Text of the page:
Hi,

Will there be rules for prescience and spice effects?

Oh great question! I also want to know about this.

Ah, now there is a tricky one.
We’re going to dig deeper into spice itself in later books but we can’t leave out prescience in Dune.
We take a look in the GM chapter as running a game with people seeing the future is a nightmare.

Thankfully for the GM there aren’t many PC abilities that let you do this, but there are some.
We haven’t allowed full Reverend Mothers at character creation, or Guild Navigators.
But there is an option to play a ‘failed navigator’ who gets visions after being hit with so much spice in their test, and Mentats have an ability to figure out the future based on their current data.

For the most part in the books the people who can see the future are the people like Paul and his family, and so we’re restricted the real powers to those NPCs. But there will be opportunities for players to do that sort of thing too on some level and we’ll be expanding the options as we go.


For danger of crossing my streams of geekdom “Always in Motion is the Future”.

I’ve only really used Prophecies in games, which are sort of the Fantasy equivalent of Prescience. But it can be fun to try and write them in such a way as to have multiple meanings (then you choose the preferred one as to how the game is going…). Being able to do so on the fly in the game would be a lot harder though and more prone to things snow balling out of control. It would depend on your GM level and style though, I just have trauma from my early days as an inexperienced GM… :slight_smile:

I would probably steer my group away from the failed navigators just for the style of game I tend to run. The mentat ability to predict is easier to work with. I can provide glimpses of what the opponents are planning so they can work up their own plans to counter-act them.

Yup, as always the options are there for you to take the game where you will.
We have to offer some prophecy options as its such a part of Dune,
but the big time prophets are not the player characters.
We have covered some hints and tips for the GM though which is the main thing,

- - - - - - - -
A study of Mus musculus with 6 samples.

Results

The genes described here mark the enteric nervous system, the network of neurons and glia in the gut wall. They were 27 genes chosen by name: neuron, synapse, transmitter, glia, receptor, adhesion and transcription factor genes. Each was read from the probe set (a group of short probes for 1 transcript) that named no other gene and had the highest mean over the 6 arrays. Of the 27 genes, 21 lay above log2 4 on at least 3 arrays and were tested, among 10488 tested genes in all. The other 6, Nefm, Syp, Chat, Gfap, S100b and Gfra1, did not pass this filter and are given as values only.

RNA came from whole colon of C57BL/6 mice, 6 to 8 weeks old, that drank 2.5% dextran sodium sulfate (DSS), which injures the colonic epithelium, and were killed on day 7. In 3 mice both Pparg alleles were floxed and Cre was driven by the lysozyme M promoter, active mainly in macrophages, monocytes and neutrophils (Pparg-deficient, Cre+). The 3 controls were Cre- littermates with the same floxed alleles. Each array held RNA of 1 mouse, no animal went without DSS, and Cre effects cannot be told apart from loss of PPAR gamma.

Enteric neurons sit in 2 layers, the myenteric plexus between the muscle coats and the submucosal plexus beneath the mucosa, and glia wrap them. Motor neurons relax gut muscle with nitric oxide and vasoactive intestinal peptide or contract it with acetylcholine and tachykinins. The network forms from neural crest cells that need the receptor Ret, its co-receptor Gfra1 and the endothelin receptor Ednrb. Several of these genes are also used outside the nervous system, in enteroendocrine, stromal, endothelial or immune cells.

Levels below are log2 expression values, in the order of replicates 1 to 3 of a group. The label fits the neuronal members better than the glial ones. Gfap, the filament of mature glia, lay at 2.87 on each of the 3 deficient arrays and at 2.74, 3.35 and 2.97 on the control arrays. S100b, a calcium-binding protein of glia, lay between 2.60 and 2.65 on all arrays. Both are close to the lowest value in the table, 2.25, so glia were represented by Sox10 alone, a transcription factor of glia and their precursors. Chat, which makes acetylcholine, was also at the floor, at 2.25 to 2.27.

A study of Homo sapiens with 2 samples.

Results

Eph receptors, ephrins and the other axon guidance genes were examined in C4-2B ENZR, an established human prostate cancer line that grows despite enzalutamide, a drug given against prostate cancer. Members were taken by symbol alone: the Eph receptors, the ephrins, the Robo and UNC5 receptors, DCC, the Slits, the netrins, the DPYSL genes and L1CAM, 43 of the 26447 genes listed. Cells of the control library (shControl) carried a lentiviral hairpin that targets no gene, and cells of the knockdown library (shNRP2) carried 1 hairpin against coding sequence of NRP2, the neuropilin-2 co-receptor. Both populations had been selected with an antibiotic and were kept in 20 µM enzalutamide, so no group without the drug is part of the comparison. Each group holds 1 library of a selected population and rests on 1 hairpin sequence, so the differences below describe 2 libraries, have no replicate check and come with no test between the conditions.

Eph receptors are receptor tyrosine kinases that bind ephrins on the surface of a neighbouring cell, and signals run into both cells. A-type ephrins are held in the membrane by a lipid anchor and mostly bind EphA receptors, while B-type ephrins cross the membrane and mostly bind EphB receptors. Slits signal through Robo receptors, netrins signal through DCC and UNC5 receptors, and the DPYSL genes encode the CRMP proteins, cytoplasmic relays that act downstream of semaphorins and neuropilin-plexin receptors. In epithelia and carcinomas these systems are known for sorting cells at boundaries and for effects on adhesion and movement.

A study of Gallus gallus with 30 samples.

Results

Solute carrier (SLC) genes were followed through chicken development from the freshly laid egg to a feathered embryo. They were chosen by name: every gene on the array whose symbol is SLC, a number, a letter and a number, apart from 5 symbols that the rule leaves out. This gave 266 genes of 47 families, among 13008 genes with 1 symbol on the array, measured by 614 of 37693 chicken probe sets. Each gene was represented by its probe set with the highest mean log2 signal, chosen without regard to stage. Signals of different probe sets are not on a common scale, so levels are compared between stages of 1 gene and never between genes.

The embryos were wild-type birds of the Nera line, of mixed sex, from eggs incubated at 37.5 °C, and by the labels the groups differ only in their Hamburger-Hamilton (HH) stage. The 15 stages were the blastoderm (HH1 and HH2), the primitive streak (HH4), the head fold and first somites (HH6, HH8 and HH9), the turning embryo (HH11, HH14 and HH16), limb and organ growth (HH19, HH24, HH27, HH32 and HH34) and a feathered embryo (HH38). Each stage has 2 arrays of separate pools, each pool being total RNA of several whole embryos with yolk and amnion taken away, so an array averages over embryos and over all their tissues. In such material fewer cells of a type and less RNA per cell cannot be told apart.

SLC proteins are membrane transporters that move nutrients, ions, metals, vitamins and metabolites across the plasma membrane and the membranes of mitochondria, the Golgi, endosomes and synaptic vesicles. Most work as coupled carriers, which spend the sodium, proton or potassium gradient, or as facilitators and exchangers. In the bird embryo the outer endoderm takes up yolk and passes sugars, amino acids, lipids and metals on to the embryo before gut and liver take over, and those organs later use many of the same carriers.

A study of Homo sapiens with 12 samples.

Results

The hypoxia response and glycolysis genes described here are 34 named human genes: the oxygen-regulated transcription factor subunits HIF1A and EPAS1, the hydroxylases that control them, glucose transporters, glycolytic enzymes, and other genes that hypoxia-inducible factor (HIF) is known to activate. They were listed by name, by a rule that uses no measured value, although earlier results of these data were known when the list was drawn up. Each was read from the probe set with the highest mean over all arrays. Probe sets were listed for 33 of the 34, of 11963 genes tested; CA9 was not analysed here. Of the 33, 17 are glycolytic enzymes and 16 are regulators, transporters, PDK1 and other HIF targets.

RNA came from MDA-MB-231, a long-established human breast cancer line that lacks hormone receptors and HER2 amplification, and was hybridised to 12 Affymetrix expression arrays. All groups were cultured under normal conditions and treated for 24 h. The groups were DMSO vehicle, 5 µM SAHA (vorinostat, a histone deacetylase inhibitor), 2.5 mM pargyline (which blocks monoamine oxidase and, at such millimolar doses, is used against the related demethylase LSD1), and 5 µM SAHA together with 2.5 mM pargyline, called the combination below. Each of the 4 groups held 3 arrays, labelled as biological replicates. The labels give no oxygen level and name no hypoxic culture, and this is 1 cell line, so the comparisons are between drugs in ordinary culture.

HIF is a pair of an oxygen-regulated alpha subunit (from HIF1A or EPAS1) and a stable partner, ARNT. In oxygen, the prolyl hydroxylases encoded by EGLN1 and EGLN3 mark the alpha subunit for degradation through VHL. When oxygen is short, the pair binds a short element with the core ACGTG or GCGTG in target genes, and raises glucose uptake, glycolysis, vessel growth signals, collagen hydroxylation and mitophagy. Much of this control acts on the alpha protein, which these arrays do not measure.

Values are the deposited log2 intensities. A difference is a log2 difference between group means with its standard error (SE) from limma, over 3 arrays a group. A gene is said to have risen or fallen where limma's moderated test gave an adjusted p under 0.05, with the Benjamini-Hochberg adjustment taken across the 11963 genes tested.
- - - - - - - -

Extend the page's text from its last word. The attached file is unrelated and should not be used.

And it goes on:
and clues or vague insights are one of the best tricks.
(as you say, any Mentat will tell you they can only work with the data they have)

Having said that, a spice addled old man spouting a few interesting visions on the street of Arrakeen is always a good opener for a story. :slight_smile:


As a general rule you don’t tend to have flaws, such as spice addiction, in the 2D20 system. Though there is nothing to stop a character declaring that they have one.

Otherwise the GM could apply a Trait to an NPC of ‘Spice Addiction’ which could presumably be used to give benefits or negatives to interactions with them based on how it was being used.

2D20 is a fairly light system most of the time (Infinity aside :wink: ) and Dune is definitely on the lighter end of the spectrum.


Flaws and perks make for better character generation. How can you create a Dr Yueh without his fatal flaw? How do you create the Baron without his obvious flaws? System can be light, but perks and flaws should be there.

C’Tair Pilru is our main example of a failed navigator. He suffers few ill effects, his mind simply doesn’t open to the spice in the right way. It is true some may work for the Guild in another function but they don’t have to.

Perks and flaws are sometimes nice but not essential. These are personality traits you need not have a system to. You can create a character like Yueh without needing some system bonus to say ‘+1 Difficulty to avoid treachery’ or the like. I do agree they can often be a helpful guide. But it can also be very constricting to make them system options you have to pick as you might not have the right points to create the personality that makes sense.